Small Farm Ingenuity


| 2/5/2016 10:01:00 AM


Tags: Winter vegetables, Foundation Farm, High Tunnels, Hoop Houses, Robert Pekel,

Robert PekelThe morning at Foundation Farm was enlightening, and just plain fun. Foundation Farm is an incredibly productive, profitable, and low maintenance farm that lies on the Arkansas — Missouri border north of Eureka Springs, owned and operated by Patrice Gros. I had listened to Patrice’s presentation at the Midwest Winter Production Conference in Joplin this January. His no till farming immediately caught my attention. His system was so simple and appealing it was difficult to believe, but Patrice extended a gracious invitation to visit his farm to reassure doubters. I decided to take him up on the offer.

The drive to Eureka Springs was an adventure in itself. The highway twisted and turned, up and down through the rugged Ozark hills. Cliffs dropping hundreds of feet were to my right, a rock wall to my left and no shoulder meant zero margin for error. Anyway, I arrived safely at Foundation Farm just as Patrice and his farm hand, Nazar, pulled up. We were greeted by Patrice’s’ two friendly farm dogs that live at the farm and protect the crops from deer.

 Nazar spreading rabbit manure

Patrice started the day by having Nazar prepare the 4 by 100 foot beds with rabbit manure. Patrice has a friendly, easy to be with manner makes him fun to be with. “It’s all in the soil,” Patrice emphasized. “Healthy soil is essential to maximum production as well as disease and pest resistance. Just as a healthy body with a strong immunity system wards off sickness, healthy plants do the same. Healthy soil means healthy plants,” he explained as he brushed back the straw mulch to expose the rich, organic soil beneath. “See the earthworms, worms are good. Rototilling destroys worms and the infrastructure of the soil,” stated Patrice “We do no rototilling at all.”

Next we headed for the high tunnels. A high tunnel is Quonset-like structure covered with polyethylene that keeps cole crops in prime condition for harvesting through the winter months. The rows of mature, Red Russian Kale, Bak Choy, lettuce, spinach, and cilantro that filled his high tunnels were a sight to behold. Patrice wasted no time or motion as he checked his crops. He explained the various aspects of his system while momentarily pausing to talk to his plants. He would praise some plants for growing well, or scold others to encourage improvement.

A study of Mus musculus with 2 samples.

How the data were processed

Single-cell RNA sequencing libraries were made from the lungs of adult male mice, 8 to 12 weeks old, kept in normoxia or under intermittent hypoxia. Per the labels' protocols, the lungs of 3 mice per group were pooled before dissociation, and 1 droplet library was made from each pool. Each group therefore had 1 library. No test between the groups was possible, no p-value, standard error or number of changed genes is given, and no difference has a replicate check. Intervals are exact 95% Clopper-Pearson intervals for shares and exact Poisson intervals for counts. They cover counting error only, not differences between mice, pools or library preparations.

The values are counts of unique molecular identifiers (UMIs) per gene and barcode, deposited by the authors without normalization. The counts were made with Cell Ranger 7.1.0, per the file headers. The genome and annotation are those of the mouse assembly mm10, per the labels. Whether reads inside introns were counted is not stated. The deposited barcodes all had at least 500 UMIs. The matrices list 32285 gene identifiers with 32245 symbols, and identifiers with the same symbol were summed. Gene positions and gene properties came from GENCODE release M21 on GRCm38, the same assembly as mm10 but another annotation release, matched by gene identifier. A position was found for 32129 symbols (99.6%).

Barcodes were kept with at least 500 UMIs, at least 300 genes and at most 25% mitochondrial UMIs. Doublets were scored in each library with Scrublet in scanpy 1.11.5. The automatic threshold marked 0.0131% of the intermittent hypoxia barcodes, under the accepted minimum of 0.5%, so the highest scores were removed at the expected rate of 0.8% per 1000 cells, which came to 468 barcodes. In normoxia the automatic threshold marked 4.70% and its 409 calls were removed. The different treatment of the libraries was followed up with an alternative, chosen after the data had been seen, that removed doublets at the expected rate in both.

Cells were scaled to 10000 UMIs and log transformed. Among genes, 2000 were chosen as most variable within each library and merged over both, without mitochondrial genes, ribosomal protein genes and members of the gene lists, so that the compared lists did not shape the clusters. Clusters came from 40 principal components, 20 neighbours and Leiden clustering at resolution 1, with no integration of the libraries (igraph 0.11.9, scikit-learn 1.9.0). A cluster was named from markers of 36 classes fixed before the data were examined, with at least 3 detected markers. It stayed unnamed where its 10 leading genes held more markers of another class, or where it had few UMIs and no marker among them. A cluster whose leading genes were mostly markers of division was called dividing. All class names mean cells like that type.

Patrice checking the crops

nebraskadave
2/6/2016 8:25:36 AM

Robert, sounds like the Foundation Farm trip was great in many ways. Sixty hours a week total maintenance is incredible for such an operation. I'm going to track the amount of time I spend at my garden this year. In my case much of the time is spent talking to neighbors that just stop by for a chat or just have lunch and enjoying the garden activity from birds and animals. I'd say that over half the time spent at the garden is just enjoying the garden rather than working the garden. I try to be as much of a no till gardener as I can but I still have to fluff up the soil a bit with a spade. I started my garden with a sticky rich black soil. Over the last four years I've put over a 1000 bags of Fall grass/leaf mixture into the garden beds. Now the soil is rich, black, and fluffy. Other than the very first time, there's not been a motorized machine in the garden. Well, except for the week wacker in the pathways. ***** Have a great no till garden planning day.